Let’s face it…smart people are naturally drawn to the intrigue of true crime, right? There’s strategy, psychology, and it’s just plain challenging. By the end, we’re privy to a secret that took law enforcement weeks, months, or years to uncover. Here are five of my favorite true crime books, starting with, (and there is no shame on my part here!) my own “Gitchie Girl” that hit #1 bestseller within 2 days on Amazon’s Fresh New Releases for True Crime/Murder and Mayhem.
Gitchie Girl– by Phil Hamman and Sandy Hamman (164 pages)
The lone survivor of this 1973 massacre broke a 40-year silence to bring you this long awaited inside story! “Who are you? What do you want?” one of the teenagers yelled into the darkness. The sound of snapping twigs closed in on the five teenagers enjoying an evening around a glowing campfire at Gitchie Manitou State Park. The night of music and laughter had taken a dark turn. Evil loomed just beyond the tree line, and before the night was over, one of the Midwest’s most horrific mass murders had left its bloodstains spewed across the campsite. One managed to survive and would come to be known as the “Gitchie Girl.” Harrowing memories of the terrifying crime sent her spiraling out of control, and she grasped at every avenue to rebuild her life. Can one man, a rescue dog, and a glimmer of faith salvage a broken soul? This true story will touch your heart and leave you cheering that good can prevail over the depravity of mankind.
Phil Hamman is the author of two fast-paced, inspirational memoirs as well as the author of this blog “5 True Crime Books you can Read in an Afternoon.”
The Alcohol Murders: The True Story of Serial Killer Gilbert Paul Jordan (Crimes Canada: True Crimes That Shocked The Nation) (Volume 10)- by Harriet Fox (142 pages)
View the collection at: CrimesCanada.com Preying on middle-aged Native women in Vancouver’s Skid Row district, Gilbert Paul Jordan’s insatiable taste for drunken sex led to at least ten cold blooded killings.
Unlike any others in the known history of serial homicide, Jordan used alcohol to murder his victims. All of these young women were found dead with blood-levels many times over the safe range. The driving force behind Jordan’s evil was his egocentric desires that led him on a fifty year criminal record path causing havoc along the way. Delving into Jordan’s crimes, alcoholism and mental illnesses, his life tells a story all his own, and it is no wonder why, Gilbert Paul Jordan became one of Canada’s most notorious serial killers.
This is volume 10 in the monthly issue of Crimes Canada: True Crimes That Shocked The Nation.
The Crime Museum Uncovered – by Jackie Keily and Julia Hoffbrand, Curator of Social History at the Museum of London. (144 pages)
The book summary says it all! This October―for the first time ever―never-before-seen-objects from the London Metropolitan Police’s Crime Museum will go on public display in a major new exhibition opening at the Museum of London. Since its establishment by serving officers in 1875, the Crime Museum has previously only been open to police professionals and invited guests. Using original evidence from this extraordinary collection, The Crime Museum Uncovered will unlock real-life case files to take the reader on an uneasy journey through some of the UK’s most notorious crimes from Dr Crippen to the Krays, the Great Train Robbery to the Millennium Dome diamond heist.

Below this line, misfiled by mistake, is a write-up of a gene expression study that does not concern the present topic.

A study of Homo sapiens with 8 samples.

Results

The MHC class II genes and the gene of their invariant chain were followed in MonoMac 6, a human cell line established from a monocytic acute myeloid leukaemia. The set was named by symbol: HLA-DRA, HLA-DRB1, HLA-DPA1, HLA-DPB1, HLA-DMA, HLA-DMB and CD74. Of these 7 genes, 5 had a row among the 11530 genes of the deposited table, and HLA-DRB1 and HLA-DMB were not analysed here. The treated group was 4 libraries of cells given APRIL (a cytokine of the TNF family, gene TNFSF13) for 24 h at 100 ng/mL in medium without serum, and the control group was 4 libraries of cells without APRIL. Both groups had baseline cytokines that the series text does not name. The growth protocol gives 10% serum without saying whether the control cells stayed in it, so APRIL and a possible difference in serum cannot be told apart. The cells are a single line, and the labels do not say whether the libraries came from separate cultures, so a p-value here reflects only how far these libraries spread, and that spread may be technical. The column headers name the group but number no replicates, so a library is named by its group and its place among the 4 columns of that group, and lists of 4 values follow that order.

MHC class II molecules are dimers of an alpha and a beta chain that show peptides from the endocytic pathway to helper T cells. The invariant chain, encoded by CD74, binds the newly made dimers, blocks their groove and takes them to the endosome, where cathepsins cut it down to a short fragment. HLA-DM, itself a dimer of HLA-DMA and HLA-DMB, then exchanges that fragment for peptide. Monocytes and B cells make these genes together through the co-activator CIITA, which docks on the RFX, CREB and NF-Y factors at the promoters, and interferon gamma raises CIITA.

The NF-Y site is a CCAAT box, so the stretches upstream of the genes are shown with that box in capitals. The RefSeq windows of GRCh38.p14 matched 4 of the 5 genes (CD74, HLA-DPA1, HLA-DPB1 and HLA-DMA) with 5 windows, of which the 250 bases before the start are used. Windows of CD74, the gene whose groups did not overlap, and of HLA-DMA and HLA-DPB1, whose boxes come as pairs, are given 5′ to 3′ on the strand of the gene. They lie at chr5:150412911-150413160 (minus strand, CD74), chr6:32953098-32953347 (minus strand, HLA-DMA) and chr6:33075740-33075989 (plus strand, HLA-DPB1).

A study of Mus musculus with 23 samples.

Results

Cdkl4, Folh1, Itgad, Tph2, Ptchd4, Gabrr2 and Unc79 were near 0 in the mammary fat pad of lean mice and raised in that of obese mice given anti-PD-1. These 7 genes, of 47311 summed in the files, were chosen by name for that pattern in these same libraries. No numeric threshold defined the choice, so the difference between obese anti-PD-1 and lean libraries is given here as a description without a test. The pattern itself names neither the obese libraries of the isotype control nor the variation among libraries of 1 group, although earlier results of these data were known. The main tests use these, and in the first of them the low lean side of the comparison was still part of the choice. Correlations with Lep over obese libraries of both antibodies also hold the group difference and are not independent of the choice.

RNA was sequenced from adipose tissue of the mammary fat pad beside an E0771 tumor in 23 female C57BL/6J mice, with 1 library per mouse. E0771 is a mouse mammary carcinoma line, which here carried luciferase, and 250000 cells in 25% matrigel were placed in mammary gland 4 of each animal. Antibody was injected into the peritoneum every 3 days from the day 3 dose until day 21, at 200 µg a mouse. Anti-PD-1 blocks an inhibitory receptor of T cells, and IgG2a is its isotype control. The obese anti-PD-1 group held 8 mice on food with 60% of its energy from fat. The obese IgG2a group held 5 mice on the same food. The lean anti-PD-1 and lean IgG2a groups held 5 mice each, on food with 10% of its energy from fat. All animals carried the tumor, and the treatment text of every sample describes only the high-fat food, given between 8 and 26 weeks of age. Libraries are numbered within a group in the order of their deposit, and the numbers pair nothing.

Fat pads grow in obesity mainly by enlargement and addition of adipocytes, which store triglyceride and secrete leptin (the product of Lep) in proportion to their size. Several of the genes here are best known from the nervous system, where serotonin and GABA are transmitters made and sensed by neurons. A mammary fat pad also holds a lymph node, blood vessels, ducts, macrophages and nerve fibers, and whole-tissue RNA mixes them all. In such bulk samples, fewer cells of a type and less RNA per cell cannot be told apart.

“You won’t look at everyday objects in the same way again after thumbing through this superb collection of crime memorabilia… provides a riveting overview not only of the variety of cases investigated by the Metropolitan Police, but also of how crime has evolved over the last 40 years’”- The Daily Mail
Milwaukee Mayhem: Murder and Mystery in the Cream City’s First Century – by Matthew Prigge (225 pages)
These were not simpler times! From murder and matchstick men to all-consuming fires, painted women, and Great Lakes disasters–and the wide-eyed public who could not help but gawk at it all–“Milwaukee Mayhem” uncovers the little-remembered and rarely told history of the underbelly of a Midwestern metropolis. “Milwaukee Mayhem” offers a new perspective on Milwaukee’s early years, forgoing the major historical signposts found in traditional histories and focusing instead on the strange and brutal tales of mystery, vice, murder, and disaster that were born of the city’s transformation from lakeside settlement to American metropolis. Author Matthew J. Prigge presents these stories as they were recounted to the public in the newspapers of the era, using the vivid and often grim language of the times to create an engaging and occasionally chilling narrative of a forgotten Milwaukee.
Admirably Published by the Wisconsin Historical Society Press
Unsolved Murders and Disappearances in Northeast Ohio– by Jane Ann Turzillo (128 pages)
Turzillo was a national winner in the nonfiction book category of the 2015 National Federation of Press Women for her book Ohio Train Disasters.
Cold case files litter the desks of authorities all across Northeast Ohio. Louise Wolf and Mabel Foote, Parma teachers, were on their way to school one winter morning when a maniac sprang from the bushes and bludgeoned them to death. When young Melvin Horst went missing on his way home from playing with friends in 1928, many thought he was kidnapped or accidentally killed by a bootlegger’s car. Charles Collins’s death looked like suicide but was proved otherwise by two preeminent surgeons and has remained a mystery for more than one hundred years. Author Jane Ann Turzillo recounts eight unsolved murders and two chilling disappearances in Northeast Ohio’s history.
Turzillo is the author of several books and and is a former owner of the weekly West Side Leader newspaper.